Finding balance in a chaotic world


On the cruise we wondered who the people sitting at our dinner table would be. You are assigned seats by the cruise company but they seem to put similar people together. We arrived at dinner first and soon two other young couples arrived. We introduced ourselves and got to know each other. The other two couples were both newlyweds, which made us the old guard being married for 14 years. One couple jokingly asked us for marriage advice and I quipped to the husbands, “every morning, look at your wife and say ‘I’m sorry.’ Just get it out of the way right at the beginning.”

 

They laughed at the joke, but it really wouldn’t be the advice that I would actually give. Clearly, they were not really looking for some deep found wisdom about marriage, more likely they were making polite conversation. Still, there is one thing that I believe helps my marriage more than anything else. That is that Amy and I are a team. We are typically united in purpose and tackle problems that come up together. Thus, when the really stressful things happen, there is little friction between us to distract and interfere.

 

I know quite a few married couples that seem to miss this. They operate more like people at work than people on a team. They each have “their” way of doing things and the other has learned that nothing will change it. They certainly love and care for each other, but they also lead dissimilar lives. Thus when truly stressful occurrences happen, they move in two different directions, often butting heads on what is the best response. They spend lots of physical and emotional energy trying to get pointed in the same direction before they can tackle the real issue at hand.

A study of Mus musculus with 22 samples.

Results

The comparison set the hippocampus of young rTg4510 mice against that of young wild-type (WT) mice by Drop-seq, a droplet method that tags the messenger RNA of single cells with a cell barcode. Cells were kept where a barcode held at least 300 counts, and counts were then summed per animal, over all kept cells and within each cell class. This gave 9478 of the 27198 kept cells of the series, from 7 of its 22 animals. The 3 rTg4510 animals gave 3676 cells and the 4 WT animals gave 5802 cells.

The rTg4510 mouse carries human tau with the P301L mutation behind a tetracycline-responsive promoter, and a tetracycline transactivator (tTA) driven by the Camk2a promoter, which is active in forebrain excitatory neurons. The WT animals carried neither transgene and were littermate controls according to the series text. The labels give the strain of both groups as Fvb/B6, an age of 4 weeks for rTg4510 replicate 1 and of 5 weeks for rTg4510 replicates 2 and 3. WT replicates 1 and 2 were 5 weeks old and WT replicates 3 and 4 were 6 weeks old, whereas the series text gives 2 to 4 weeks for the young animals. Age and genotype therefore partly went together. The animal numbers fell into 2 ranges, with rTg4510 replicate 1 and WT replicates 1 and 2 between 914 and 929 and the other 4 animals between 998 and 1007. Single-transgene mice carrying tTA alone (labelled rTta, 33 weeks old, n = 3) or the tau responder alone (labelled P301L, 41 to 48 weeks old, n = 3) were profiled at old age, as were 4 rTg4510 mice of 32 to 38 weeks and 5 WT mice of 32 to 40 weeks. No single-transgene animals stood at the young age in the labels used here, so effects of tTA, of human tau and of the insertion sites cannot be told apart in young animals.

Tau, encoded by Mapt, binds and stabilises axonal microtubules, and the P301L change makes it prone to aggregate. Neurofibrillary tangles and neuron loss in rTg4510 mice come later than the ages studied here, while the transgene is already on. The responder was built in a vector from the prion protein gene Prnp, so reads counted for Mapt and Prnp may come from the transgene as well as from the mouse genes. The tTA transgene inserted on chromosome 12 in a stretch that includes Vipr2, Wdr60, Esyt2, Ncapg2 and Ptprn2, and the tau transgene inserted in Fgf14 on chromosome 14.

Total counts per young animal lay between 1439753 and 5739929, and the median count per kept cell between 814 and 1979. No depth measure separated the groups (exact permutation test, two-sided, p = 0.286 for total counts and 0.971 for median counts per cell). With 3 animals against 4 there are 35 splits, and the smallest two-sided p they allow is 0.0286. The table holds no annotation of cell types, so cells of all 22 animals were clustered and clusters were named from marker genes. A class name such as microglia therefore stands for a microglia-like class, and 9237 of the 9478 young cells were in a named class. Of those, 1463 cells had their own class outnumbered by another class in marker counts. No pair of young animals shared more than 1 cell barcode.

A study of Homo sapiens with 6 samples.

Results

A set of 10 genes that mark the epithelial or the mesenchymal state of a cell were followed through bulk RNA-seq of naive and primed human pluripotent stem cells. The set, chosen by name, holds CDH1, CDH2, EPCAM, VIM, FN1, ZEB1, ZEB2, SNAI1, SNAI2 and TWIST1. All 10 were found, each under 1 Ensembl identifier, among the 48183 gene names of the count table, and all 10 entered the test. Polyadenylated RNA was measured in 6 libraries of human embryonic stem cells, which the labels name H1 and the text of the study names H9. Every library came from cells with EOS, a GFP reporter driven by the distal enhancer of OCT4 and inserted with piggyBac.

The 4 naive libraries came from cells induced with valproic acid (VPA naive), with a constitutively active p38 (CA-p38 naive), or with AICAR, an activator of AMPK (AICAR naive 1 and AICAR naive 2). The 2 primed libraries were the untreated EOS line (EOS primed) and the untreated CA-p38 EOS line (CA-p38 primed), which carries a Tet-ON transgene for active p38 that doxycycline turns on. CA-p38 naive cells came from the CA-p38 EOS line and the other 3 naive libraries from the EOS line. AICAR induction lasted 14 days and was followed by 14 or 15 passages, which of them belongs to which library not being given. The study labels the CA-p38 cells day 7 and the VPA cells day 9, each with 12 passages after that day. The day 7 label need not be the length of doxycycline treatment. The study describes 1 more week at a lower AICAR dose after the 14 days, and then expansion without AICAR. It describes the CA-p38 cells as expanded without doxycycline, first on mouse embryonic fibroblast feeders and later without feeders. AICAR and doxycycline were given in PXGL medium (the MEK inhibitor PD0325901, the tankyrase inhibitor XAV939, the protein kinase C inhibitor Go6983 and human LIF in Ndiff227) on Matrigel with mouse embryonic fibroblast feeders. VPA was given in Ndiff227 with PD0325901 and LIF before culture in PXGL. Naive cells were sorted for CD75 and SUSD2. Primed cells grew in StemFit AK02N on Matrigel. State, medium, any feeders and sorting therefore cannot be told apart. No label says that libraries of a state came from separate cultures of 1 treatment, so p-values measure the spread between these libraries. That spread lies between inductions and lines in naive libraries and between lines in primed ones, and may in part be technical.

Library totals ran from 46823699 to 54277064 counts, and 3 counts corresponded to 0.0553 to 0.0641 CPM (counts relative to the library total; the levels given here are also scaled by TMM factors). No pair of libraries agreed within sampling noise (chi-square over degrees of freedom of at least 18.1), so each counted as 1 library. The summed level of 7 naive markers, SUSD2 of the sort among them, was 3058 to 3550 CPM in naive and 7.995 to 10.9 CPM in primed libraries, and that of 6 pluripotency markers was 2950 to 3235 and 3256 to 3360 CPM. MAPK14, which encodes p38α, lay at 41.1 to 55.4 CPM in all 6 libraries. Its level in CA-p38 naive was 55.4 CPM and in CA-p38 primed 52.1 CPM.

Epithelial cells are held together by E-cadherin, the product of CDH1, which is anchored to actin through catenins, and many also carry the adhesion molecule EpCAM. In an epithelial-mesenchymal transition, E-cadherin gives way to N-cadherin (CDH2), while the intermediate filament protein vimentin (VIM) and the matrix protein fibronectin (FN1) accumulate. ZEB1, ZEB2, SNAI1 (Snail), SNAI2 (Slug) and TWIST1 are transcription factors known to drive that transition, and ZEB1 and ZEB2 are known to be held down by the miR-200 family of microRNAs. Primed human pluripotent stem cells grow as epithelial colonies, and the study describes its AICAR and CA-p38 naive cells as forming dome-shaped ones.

Now just because Amy and I are team-minded, doesn’t mean we always do everything together or think the same way. Just like there are different positions on a sports team, we have different positions at home. There are times she stays home with the kids while I go out and vice versa. Still we both know that the interests of the team are more important than our individual interests. We move as one unit down the field, to carry the analogy further.

 

One of the best examples of non-team thinking in couples is the 50/50 rule. Basically this means that each partner isn’t going to do more than half the work, leaving the other to do their share. The problem here is two-fold:

 

1)      If each person only does half of the work, the job never gets done. If there are 14 dishes that need to be cleaned, one person washes 7 of them. The next person washes 4 of them; the next person washes 1 of them, etc. Of course new dishes would arrive in the sink starting the count all over again. If the dishes need washing, then just wash the dishes.

2)      It implicitly states that you expect certain things done and you won’t do anything until those expectations are met. You’ll wash your half of the dishes, but your partner better wash the other half. Your relationship is based on conditions.

So, take a look at your relationships. Are you team oriented? Do you work together towards a goal or do you spend half of your time arguing about what the goal is? Again, I feel this is one of the strongest things about my marriage to Amy and this knowledge did not come without a lot of grief. So become team oriented and see what happens.